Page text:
Most video games in existence are designed with the intention of putting the player through various challenges that are difficult but definitely not impossible. There is often some degree of forgiveness in that they don’t amp the difficulty too early on in the game without giving you the necessary tools and controls needed to overcome whatever lies ahead. However, every once in a while, a game will show up and burn this principle to the ground, throwing everything it has at you in an effort to derail you and make you scream angrily at the screen in front of you. The Dark Soul series comes to mind, as does old NES games such as Battletoads and Castlevania.
Let me clear: Getting Over It is NOT one of those games, not in the least.
Imagine a game that gives you the most inefficient tool possible for a certain task. Add to that controls that have deliberately been made to make it impossible to play, let alone win. Now imagine that this game doesn’t save your progress whenever you play it. Sounds bad, but allow me to make it worse. Now, imagine that every time you fail at the game, the game itself taunts you with pity and motivational quotes, telling you to try again. Sounds like a nightmare to play, doesn’t it?
That is Getting Over It.
The game was released on Steam on December 6th, 2017, with an iOS version releasing on the same day. It was inspired by a by a flash game called ‘Sexy Hiking‘ that was uploaded on gamemakergames by a user named Jazzuo, and its clear that Getting Over It took the difficulty of that game, and amped it up to an unrecognisable extent. There is no story, or overarching plot or anything of the sort. You start off with a man emerging from a cauldron, grabbing a hammer as soon as his upper body comes into view, after which you start moving towards a giant mountain. Your only goal for the entire game is to climb this mountain. You’re not given any tools to help you, no other control schemes other than your mouse or trackpad, and through it all, Bennet Foddy himself will talk to you about various philosophical topics, along with some quotes from some of the greatest people who have ever lived, like Jennifer Anniston and Mr. T. (no, that is not a joke) When you lose a considerable amount of progress, soft, slightly upbeat music will start playing, which is meant to keep the mood upbeat and not depressing like the rest of the game. The game quickly gained a following for being notoriously difficult and unforgiving towards the player, quickly becoming the focal point of many YouTube playthroughs by gamers. As I mentioned before, there is no save feature, so if you fall down the mountain, you lose every single inch of progress that you made. The controls are glitchy and hard to operate, but in all probability, this was done on purpose to contribute to the entire experience. The hammer flails about as you try to latch on to the next object, hoping against hope that your momentum will be enough to carry you past it and on to the next challenge. The physics of the game can be figured out fairly quickly, but its mastering them and using them to their fullest which is difficult. On Steam, the game has a tag of ‘Psychological Horror’, which I suppose is the developer’s way of telling us that we’re in for a ride when we play the game.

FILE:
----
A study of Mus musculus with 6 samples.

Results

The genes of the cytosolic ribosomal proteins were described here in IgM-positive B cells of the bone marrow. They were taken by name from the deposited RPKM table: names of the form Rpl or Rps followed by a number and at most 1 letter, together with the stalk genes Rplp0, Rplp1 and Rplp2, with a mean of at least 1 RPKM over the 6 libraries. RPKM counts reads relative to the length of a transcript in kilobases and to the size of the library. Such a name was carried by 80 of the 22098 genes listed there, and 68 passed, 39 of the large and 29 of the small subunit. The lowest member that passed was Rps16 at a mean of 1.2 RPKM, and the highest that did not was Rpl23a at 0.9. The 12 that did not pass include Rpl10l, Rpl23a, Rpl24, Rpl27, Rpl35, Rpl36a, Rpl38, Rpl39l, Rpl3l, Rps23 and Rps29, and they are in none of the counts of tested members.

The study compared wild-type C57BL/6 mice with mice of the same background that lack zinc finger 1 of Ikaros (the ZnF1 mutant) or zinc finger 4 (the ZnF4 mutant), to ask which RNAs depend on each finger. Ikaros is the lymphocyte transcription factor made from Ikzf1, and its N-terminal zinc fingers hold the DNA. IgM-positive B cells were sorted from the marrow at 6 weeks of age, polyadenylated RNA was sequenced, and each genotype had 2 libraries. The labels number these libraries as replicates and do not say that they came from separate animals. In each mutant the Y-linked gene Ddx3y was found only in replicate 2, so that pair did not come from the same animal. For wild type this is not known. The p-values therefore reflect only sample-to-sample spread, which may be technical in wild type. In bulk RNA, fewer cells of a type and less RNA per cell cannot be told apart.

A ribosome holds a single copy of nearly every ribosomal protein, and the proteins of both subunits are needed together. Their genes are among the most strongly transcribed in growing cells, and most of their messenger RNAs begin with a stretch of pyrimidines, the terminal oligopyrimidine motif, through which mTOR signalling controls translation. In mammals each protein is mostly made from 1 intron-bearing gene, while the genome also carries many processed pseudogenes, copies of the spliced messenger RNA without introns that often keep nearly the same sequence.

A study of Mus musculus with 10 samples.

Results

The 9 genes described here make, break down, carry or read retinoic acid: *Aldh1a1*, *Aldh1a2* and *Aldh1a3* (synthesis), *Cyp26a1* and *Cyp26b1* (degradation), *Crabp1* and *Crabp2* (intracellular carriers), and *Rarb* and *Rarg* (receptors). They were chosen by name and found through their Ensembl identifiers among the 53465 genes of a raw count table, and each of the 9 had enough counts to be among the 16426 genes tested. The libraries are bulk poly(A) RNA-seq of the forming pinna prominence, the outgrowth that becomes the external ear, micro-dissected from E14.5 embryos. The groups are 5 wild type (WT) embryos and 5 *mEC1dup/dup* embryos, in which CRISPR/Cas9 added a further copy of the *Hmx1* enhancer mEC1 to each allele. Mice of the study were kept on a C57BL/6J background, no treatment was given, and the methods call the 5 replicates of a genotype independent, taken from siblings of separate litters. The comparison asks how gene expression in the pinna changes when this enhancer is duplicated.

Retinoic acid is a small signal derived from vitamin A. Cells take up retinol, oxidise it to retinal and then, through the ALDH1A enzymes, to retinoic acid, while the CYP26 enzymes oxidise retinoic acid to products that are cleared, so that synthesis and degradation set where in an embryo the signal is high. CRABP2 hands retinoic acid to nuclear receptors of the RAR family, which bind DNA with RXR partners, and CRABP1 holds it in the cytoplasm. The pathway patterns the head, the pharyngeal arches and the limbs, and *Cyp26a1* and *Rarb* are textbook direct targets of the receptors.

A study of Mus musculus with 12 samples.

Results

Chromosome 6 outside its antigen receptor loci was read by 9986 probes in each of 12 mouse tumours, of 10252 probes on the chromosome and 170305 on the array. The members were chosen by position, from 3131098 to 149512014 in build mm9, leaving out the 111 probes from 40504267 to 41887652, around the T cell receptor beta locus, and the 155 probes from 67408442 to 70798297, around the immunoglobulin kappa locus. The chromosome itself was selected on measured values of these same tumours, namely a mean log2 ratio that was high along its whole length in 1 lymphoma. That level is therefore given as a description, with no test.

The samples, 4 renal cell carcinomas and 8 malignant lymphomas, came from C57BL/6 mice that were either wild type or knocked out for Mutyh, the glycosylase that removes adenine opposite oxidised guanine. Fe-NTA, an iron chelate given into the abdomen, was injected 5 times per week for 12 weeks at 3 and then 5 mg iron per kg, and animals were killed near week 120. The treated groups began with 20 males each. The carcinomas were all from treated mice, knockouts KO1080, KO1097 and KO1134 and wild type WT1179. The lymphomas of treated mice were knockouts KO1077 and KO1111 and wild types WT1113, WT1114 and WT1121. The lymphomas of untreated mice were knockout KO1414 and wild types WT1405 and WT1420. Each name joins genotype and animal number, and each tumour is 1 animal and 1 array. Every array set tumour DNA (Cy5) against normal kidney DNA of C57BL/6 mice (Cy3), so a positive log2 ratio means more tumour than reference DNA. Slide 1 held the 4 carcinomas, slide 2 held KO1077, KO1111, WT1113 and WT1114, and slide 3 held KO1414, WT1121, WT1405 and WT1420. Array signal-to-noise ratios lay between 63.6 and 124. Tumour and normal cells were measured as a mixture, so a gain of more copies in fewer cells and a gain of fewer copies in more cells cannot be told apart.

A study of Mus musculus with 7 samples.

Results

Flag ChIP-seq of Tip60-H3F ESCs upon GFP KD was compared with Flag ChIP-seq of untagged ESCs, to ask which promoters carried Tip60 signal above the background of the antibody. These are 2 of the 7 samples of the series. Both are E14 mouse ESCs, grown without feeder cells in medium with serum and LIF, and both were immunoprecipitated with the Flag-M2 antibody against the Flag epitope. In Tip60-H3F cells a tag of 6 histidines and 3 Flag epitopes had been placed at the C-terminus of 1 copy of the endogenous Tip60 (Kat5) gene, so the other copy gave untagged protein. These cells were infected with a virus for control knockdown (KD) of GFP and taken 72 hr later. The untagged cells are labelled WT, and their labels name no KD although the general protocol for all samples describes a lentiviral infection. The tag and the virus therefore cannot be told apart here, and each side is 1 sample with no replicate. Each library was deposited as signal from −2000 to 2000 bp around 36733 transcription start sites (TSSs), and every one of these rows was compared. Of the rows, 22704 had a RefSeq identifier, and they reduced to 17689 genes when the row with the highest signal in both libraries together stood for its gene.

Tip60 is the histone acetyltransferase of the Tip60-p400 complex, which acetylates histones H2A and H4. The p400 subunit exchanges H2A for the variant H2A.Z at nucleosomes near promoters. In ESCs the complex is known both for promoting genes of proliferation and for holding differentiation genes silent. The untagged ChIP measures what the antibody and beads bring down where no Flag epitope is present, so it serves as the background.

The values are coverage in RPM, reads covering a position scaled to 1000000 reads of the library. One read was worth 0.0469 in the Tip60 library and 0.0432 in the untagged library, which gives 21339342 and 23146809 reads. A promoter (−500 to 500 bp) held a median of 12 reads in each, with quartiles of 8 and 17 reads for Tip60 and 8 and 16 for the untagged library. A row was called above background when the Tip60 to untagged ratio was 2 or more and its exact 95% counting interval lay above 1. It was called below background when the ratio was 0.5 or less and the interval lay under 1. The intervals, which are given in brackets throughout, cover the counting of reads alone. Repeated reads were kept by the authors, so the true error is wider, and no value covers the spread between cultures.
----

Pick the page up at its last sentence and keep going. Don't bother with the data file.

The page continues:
Despite the difficulty of the game, it has received overwhelmingly positive reviews from gamers across the board. It currently has a ‘Very Positive’ rating on Steam, with users praising the difficulty of the game, and many of the reviews call it a metaphor for life, a notion that I actually cannot deny. The negative reviews of the game mostly talk about the controls and how the degree of difficulty was so large so as to actually turn them away from trying to play the game at all. However, I feel that when this game is to be looked at from a critical lens, it is impossible to judge it based on the standards that other games are judged by, as it is different in almost every way. It is clear that this game was created for a specific purpose for a specific type of player. Overall, I would recommend this game, but I also know that its definitely not everyone’s cup of tea, so I would say for you to know what you’re in for if you decide to buy this game. It’s not going to be an easy ride up. The best way for me to tell you this would be the tagline of the game:
I created this game for a certain kind of person. To hurt them.
~ Bennet Foddy
The game has been nominated for the Seumas McNelly Prize, Excellence in Design and the Nuovo Award as part of the IGF Competition Awards.